By Andy Roth
In the past few years, patient engagement has come more and more into the spotlight as hospitals and other healthcare organizations look to improve their patient retention, their CAHPS scores, and their online reputations. It’s true that patient engagement is a vital piece of any organization’s growth strategy. Before throwing resources at ill-advised patient engagement initiatives, however, organizations should take some time to think through a scalable, sensible strategy for addressing patient concerns.
In this series, we’ll take a look at three areas hospitals can focus on to improve patient engagement — intake, nursing care, and provider care— and finish with an examination of how to effectively monitor and track patient engagement so it can be changed for the better.
First up: intake!
Too many hospitals think that “patient engagement” means gourmet cuisine and refurbished facilities. These things are necessary on some level — nobody likes bad cafeteria food, and if patients and their families see dirty hallways they’ll assume everything else is substandard as well — but they’re not sufficient. Luckily, the basics of patient engagement aren’t difficult to pin down. It’s simply about communication: the better an organization is at listening to its patients, the better experience those patients will have.
This means you’ll need to ask the right questions, rather than asking a lot of questions. After all, you can make all the changes in the world, but none of it will matter if you can’t monitor how those changes are impacting your patients. (You also shouldn’t make any changes until you’ve given your patients an opportunity to share candidly about how your current patient engagement is falling short.) When asking these questions, it doesn’t matter how you think you’re doing. The only thing that matters is how your patients think you’re doing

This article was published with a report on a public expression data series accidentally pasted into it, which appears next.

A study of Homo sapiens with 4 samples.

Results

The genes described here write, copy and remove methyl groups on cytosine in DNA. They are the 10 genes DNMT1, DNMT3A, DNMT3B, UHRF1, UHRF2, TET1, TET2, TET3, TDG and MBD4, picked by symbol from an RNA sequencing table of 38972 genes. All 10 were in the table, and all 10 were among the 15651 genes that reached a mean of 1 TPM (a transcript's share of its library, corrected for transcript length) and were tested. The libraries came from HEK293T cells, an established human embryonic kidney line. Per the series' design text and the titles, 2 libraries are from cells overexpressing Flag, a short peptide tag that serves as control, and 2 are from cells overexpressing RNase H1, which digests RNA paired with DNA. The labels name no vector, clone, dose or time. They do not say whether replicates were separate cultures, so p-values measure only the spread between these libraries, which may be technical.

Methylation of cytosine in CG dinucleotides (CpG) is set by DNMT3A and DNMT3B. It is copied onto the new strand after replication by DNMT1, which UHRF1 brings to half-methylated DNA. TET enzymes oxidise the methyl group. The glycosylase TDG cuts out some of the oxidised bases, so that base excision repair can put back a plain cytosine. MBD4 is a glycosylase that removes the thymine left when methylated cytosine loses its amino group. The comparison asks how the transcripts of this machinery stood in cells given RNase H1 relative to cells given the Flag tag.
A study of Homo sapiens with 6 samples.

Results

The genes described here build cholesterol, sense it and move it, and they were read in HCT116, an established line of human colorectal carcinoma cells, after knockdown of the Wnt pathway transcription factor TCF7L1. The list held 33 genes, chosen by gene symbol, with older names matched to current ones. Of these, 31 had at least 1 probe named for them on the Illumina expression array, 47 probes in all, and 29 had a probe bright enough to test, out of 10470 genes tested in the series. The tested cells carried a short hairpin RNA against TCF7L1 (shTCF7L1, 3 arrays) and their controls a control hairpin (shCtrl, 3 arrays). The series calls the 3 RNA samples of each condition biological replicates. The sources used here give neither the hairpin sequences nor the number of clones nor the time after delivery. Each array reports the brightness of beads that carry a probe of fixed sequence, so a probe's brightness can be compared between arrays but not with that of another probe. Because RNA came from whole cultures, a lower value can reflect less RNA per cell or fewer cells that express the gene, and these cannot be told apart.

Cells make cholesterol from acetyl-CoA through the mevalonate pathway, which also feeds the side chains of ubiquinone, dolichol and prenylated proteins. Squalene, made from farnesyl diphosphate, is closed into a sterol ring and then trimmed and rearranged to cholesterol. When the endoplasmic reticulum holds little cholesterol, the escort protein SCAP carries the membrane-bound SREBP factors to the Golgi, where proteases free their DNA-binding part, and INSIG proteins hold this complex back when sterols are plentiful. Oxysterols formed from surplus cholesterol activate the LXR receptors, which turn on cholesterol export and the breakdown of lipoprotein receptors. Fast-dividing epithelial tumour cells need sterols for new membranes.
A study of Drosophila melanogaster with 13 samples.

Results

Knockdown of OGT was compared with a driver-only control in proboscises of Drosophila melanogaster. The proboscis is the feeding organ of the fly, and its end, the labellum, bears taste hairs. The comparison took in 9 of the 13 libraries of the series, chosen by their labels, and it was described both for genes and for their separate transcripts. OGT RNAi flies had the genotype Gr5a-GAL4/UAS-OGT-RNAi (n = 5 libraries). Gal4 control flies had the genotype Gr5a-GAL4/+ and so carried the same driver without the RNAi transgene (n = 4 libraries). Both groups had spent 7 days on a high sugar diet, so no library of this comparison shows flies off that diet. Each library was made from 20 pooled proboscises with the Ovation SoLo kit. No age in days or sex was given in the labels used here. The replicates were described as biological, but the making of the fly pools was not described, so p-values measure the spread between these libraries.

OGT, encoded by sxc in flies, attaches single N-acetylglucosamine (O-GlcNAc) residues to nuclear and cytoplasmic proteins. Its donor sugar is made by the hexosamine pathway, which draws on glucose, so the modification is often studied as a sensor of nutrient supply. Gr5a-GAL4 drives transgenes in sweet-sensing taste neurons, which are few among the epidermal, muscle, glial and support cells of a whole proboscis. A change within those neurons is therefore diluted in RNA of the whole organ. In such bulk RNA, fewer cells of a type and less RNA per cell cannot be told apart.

In addition to giving your patients a voice throughout their experience, a large portion of ensuring a positive patient experience is dependent on effectively setting expectations. If patients know what to expect, they’ll be happier. Even when things don’t go as planned, referencing previously-set expectations makes it significantly easier for service recovery to positively impact the patient experience.
Intake is where this expectation-setting begins — and that doesn’t just mean interactions with staff. Does your ED have valet parking? Is the pathway between departments clearly marked? Does your organization track the amount of time patients spend waiting in line? These are just some of the ways you can set patient expectations. To be clear: you don’t need ED valet parking because it’s “fancy.” You need it because it’s important for people to start their experience with your ED smoothly and efficiently. Many of your patients will have mobility issues. None of them will want to deal with parking their car. This is something you can do, right off the bat, to show your patients that you’ll be taking care of their needs even before they think of them.
Maps and other pathway markings are important because patients and their families are in an unfamiliar location, and their minds are not focused on getting around. Again, you’re taking a worry away from them and showing you have their best interests in mind. Keeping tabs on the amount of time spent waiting in line (and then working to shorten those wait times) is also useful. These are important factors in patient engagement, and intake has an extremely valuable role to play. You won’t get a second chance to make a first impression.
With that in mind, what comes next? You need a way to quickly collect honest, insightful feedback from your patients that deals with the totality of their experience. This feedback cannot be limited to nurse and provider care; it must address everything, including intake, discharge, food, signage, and more. Modern, fully-automated patient engagement tools, such as Feedtrail, need to ask the right questions about all areas of patients’ experiences. These questions must be asked in real time, and the results must be automatically analyzed so that the feedback can be quickly put into action. Tools such as these will help you and your organization focus on and improve the right aspects of patient engagement.
Part 2: Nursing Care, will be published next Thursday.